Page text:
Venue: The Palace Theatre, Manchester
Growing up as a ‘90s kid, Walt Disney played an integral role in my childhood and when I heard that the West End theatrical masterpiece of The Lion King was coming to the Palace Theatre in Manchester, I knew it would be a sin not to jump on the train and witness it as a perfectly acceptable way to relive my younger years.
Opening with an array of brightly dressed dancers appearing from all corners of the audience to the striking and unmistakable tones of ‘The Circle of Life’, it was a climax of emotion for me as the stage developed into a colourful and outstanding scene of Africa before my very eyes. To witness the film I had watched repeatedly as a child being recreated in such a way was inspirational; the remarkable sound of the live orchestra combined with the visually pleasing and incredibly designed costumes gave the creative team something to be proud of. Lions, elephants, antelope, zebras.. you name it, the talented costume designer Julie Taymor had found a way to transform the dancers into the population of Pride Rock. Viewing a stage crammed with performers, there was constantly something new to catch my eye, to take my breath away; literally in my sister’s case as a result of a snapping hyena creeping up on her from the back of the audience. This interaction with those watching merely built on the spectacle that proved it to be a show to remember. The dedication that had gone into the scene creation and costume design was apparent, though I did fear for the man posing as a giraffe. Walking on all fours on stilts did not look fun.. as I was fortunate enough to have front row seats, I could see that he was pretty apprehensive about it too.
The joy of these scenes representing the natural beauty of Africa were dramatically juxtaposed with the darkness of the ‘Pride Lands’ by a very smooth and impressive set change, introducing Scar played by George Asprey, who perfectly combined his character’s cynicism with light humour to entertain the adults who were (supposedly) dragged along with their children. A Glaswegian Zazu emphasised the British flare added by the London Company, humorously recreating The Proclaimers’ ‘I would walk 500 miles’ in an attempt to entertain an irritated Scar. The impressively designed puppets of Timon and Pumbaa also supplied their fair share of humour, comically performing the Riverdance, making this family show as entertaining for the parents as it was for their delighted children (and therefore making me feel less ashamed for turning up with four other adults).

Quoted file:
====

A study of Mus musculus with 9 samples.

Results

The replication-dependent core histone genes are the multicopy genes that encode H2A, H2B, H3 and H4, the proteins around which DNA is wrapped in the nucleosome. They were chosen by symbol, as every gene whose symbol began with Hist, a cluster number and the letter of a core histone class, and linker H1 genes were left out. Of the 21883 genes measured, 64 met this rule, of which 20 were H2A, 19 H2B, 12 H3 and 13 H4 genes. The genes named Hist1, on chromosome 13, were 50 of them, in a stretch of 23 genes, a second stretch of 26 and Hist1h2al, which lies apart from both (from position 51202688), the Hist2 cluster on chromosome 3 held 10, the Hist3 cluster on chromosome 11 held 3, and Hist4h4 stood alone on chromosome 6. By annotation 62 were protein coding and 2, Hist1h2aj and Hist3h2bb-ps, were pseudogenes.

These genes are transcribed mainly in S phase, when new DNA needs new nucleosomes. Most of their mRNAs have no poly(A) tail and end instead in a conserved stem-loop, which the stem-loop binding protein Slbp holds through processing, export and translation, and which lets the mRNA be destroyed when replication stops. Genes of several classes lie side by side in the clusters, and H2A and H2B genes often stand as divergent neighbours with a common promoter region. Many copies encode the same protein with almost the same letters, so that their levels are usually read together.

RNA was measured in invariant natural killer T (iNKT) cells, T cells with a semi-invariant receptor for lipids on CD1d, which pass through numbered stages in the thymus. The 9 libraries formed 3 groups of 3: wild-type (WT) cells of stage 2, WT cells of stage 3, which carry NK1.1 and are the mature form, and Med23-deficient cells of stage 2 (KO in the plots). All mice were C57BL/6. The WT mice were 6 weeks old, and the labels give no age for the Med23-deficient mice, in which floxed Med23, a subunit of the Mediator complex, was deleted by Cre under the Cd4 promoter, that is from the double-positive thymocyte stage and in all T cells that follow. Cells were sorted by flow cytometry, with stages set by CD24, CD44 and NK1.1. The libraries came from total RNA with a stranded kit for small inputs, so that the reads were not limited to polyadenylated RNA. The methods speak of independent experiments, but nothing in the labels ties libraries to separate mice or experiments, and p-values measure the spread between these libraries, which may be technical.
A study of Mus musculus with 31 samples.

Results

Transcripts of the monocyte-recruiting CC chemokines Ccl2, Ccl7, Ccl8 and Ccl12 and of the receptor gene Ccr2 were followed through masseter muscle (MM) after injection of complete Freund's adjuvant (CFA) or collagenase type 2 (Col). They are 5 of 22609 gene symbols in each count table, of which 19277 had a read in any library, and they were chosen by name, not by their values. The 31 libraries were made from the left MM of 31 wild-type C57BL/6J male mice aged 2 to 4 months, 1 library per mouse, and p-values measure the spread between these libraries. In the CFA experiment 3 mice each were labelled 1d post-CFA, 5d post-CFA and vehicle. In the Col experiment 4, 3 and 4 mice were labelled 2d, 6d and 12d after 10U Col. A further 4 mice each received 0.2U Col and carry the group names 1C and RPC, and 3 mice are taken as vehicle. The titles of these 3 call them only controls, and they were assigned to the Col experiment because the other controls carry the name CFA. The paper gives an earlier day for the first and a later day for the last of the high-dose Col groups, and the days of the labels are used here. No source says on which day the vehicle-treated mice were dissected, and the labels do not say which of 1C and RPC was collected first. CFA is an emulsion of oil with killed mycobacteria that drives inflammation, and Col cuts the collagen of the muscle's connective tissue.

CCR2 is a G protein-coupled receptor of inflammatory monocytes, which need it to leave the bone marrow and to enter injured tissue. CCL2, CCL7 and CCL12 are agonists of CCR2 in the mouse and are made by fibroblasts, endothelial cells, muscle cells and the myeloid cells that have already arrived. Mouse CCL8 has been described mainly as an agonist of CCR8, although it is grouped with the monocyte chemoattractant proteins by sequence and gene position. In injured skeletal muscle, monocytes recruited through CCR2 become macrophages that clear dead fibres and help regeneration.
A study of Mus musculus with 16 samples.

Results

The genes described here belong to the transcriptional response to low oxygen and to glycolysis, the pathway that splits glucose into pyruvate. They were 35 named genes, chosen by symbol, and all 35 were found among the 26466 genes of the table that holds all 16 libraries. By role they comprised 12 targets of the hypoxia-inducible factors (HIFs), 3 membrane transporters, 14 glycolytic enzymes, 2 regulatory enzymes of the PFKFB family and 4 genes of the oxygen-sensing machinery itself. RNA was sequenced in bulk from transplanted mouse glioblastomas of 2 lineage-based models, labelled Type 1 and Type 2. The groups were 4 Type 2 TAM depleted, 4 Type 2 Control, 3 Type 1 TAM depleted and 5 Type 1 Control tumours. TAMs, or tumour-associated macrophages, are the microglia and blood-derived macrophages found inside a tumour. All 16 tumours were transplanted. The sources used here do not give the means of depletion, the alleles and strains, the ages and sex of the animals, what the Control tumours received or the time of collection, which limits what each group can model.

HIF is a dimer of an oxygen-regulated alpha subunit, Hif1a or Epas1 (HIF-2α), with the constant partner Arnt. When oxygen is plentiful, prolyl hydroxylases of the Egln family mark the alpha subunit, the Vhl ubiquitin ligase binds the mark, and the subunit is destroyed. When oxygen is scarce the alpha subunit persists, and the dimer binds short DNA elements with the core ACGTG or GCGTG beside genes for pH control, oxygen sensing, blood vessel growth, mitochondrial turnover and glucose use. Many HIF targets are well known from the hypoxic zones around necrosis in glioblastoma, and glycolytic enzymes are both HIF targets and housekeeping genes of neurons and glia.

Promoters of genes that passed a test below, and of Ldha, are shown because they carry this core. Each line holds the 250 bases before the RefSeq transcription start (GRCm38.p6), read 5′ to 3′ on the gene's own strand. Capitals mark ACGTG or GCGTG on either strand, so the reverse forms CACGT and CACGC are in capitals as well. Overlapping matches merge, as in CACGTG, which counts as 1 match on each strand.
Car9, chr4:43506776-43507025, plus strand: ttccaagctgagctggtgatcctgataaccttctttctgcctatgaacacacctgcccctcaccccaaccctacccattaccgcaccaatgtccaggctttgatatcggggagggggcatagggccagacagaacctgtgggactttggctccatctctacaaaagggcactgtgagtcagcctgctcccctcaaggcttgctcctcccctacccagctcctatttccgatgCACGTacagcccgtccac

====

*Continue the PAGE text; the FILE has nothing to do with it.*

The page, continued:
Yet it was not all laughter and dancing; I’m pretty sure it is safe to say there was not a dry eye in the room when Simba realised his father wasn’t waking up. Proceeded by the most visually striking scene of the show, the antelope stampede, the audience was in awe as Scar let Mufasa dramatically fall to his death.. even despite the fact that we all knew it was coming.
All in all, it was a delightful excuse to revisit those precious moments of singing away to ‘Hakuna Matata’.. not to mention the vital life guidance it provides. I well and truly ‘forgot my worries for the rest of my days’, and instead found myself dancing along to the colourful and inspirational numbers; and embarrassingly enough filling up at ‘Can You Feel The Love Tonight?’. The only slight criticism I could possibly make would be that the young Simba, played by Anton Joseph, may have let the team down with his slightly questionable British-American accent, yet he was so adorable that I really do not think it made a serious difference to what was a truly breath-taking show. With an incredible soundtrack from a combination of Elton John and Tim Rice and a talented production group from the West End, it is no surprise that this spectacle is well and truly worth a watch; the restored Lion King 3D has got nothing on this theatrical experience of a lifetime.